Could Vices in Horses be the Basis for a Legal Battle?

Could Vices in Horses be the Basis for a Legal Battle?

Equitation scientists must find reliable forensic information (meaning a basis for use in a court of law) to help buyers and sellers clearly define what counts as a vice and what, if any, legal action is appropriate, according to one researcher.

Photo: The Horse Staff

You find your dream horse. Your veterinarian gives him a stamp of approval, and you sign the check. You get him home and then--wham. The problems begin: cribbing, kicking, biting, wind sucking, halter pulling, head tossing, or any number of unpleasant surprises known as vices. And you begin to wonder whether this dream horse isn't actually some sort of nightmare.

Unfortunately, a great number of these vices aren't picked up on during a prepurchase veterinary exam, according to Marianne Sloet van Oldruitenborgh-Oosterbaan, DVM, PhD, Dipl. ECEIM, Specialist KNMvD Equine Internal Medicine, from the Department of Equine Sciences at Utrecht University in The Netherlands. She and an attorney recently reviewed available legal material about equine vices in The Netherlands over the past 20 years, and they found that a wide variety of these vices become the subjects of legal battles. Sloet presented her findings at the 2011 International Equitation Science Conference, held Oct. 26-29 in Hooge Mierde, The Netherlands,

Sloet explained that equine vices can be arbitrarily divided into four categories:

  • Aggressive vices (biting, charging, crowding, fighting, kicking, rearing, striking);
  • Fear-based vices (avoiding and evading behavior, halter pulling);
  • Performance-related vices (barn sourness, running, head-tossing); and
  • Stable vices (cribbing, wind-sucking, pawing, self-mutilation, stall walking, weaving, stall kicking).

However, by far the most common legal complaint was simply that the horse did not perform as well as expected, Sloet said.

"That gets really complicated, because who can really say what is what?" she said. "I'm just a vet; top-class riders and ethologists (animal behaviorists) may know more than I will about performance levels and many other vices and whether this is the horse's fault, or that is the rider's fault, or what's going on. Is it really a fault, or it is normal?"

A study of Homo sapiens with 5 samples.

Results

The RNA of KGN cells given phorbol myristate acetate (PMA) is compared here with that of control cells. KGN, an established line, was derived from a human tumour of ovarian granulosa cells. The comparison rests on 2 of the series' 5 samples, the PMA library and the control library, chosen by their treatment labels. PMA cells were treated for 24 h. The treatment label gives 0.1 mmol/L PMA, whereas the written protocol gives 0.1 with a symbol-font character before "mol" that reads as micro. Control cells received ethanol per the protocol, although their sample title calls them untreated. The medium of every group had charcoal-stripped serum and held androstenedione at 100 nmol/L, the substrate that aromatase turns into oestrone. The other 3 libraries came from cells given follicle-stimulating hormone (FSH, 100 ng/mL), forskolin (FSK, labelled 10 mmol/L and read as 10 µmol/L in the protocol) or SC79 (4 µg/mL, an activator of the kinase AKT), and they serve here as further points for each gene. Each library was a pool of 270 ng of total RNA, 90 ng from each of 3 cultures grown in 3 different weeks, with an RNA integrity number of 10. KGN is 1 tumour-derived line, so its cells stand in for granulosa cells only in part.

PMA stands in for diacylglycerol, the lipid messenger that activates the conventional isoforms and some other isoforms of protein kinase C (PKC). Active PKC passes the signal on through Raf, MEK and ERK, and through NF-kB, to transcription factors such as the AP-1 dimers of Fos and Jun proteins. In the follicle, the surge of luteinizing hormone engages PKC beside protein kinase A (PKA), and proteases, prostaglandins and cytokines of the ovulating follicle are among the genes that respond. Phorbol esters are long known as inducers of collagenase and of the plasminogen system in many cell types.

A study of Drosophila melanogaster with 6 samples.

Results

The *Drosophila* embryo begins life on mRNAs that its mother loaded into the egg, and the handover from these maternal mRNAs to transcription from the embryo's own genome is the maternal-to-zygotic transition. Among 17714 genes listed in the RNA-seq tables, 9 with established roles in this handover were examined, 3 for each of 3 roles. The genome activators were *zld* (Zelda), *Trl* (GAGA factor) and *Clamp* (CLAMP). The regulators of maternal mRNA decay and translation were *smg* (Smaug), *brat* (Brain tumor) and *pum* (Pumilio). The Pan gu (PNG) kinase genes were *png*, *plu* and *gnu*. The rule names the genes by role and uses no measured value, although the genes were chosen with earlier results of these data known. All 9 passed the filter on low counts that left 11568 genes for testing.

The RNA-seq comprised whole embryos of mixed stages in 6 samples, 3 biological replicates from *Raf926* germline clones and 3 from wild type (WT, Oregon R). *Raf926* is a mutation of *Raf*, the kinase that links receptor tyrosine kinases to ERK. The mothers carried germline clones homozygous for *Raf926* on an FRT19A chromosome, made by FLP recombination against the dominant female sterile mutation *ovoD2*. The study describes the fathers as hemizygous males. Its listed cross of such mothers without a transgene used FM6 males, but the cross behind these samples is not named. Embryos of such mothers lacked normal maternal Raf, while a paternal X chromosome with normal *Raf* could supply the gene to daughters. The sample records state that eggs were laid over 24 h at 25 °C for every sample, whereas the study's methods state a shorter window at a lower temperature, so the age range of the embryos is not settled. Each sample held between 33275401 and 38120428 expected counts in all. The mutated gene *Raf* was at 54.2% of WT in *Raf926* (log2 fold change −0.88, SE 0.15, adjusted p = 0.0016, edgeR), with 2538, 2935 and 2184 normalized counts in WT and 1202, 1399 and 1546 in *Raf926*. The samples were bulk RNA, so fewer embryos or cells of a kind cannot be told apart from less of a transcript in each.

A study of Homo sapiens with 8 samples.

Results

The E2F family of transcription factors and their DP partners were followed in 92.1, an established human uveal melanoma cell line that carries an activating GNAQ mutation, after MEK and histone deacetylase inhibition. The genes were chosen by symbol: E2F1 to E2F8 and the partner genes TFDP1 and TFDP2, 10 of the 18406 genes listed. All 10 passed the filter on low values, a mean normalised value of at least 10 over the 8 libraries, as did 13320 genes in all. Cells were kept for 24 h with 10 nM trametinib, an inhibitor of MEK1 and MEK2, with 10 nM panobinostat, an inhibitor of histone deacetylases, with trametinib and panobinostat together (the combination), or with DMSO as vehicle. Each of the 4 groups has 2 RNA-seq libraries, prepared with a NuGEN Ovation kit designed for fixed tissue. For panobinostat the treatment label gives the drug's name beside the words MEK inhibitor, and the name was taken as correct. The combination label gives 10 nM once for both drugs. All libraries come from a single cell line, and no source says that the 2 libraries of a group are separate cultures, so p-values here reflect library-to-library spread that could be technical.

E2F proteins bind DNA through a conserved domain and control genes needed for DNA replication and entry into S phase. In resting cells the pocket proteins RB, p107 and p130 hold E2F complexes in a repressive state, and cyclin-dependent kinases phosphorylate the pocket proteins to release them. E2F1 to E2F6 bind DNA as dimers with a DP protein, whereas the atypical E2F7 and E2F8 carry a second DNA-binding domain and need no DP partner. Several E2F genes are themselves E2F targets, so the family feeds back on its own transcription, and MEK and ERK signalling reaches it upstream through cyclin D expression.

For this reason equitation scientists must come up with reliable forensic (meaning a basis for use in a court of law) information to help buyers and sellers clearly define what counts as a vice and where the fault might lie. Also, there needs to be a better understanding about when and how fast vices can appear.

"Really nice horses can change very fast, even overnight," Sloet said, giving the example of a horse no longer wanting to load into a trailer after a trailer accident. Horses can also have very different behavior with different handlers and riders, often depending on the person's level of experience and whether a horse and rider 'match.'

Legal decisions about vices will vary significantly from one court to another throughout the world, as little information on the topic is actually published, and there is no common database to provide precedent, references, or definitions. The next step, therefore, is for equitation science to provide such a resource.

"Equine abnormal behavior and vices are a common source of problems and disputes that result in legal procedures," Sloet said. "But a better understanding of these behaviors by sellers, buyers, veterinarians, and judges would probably limit misunderstandings and expensive litigation."

About the Author

Christa Lesté-Lasserre, MA

Christa Lesté-Lasserre is a freelance writer based in France. A native of Dallas, Texas, Lesté-Lasserre grew up riding Quarter Horses, Appaloosas, and Shetland Ponies. She holds a master’s degree in English, specializing in creative writing, from the University of Mississippi in Oxford and earned a bachelor's in journalism and creative writing with a minor in sciences from Baylor University in Waco, Texas. She currently keeps her two Trakehners at home near Paris. Follow Lesté-Lasserre on Twitter @christalestelas.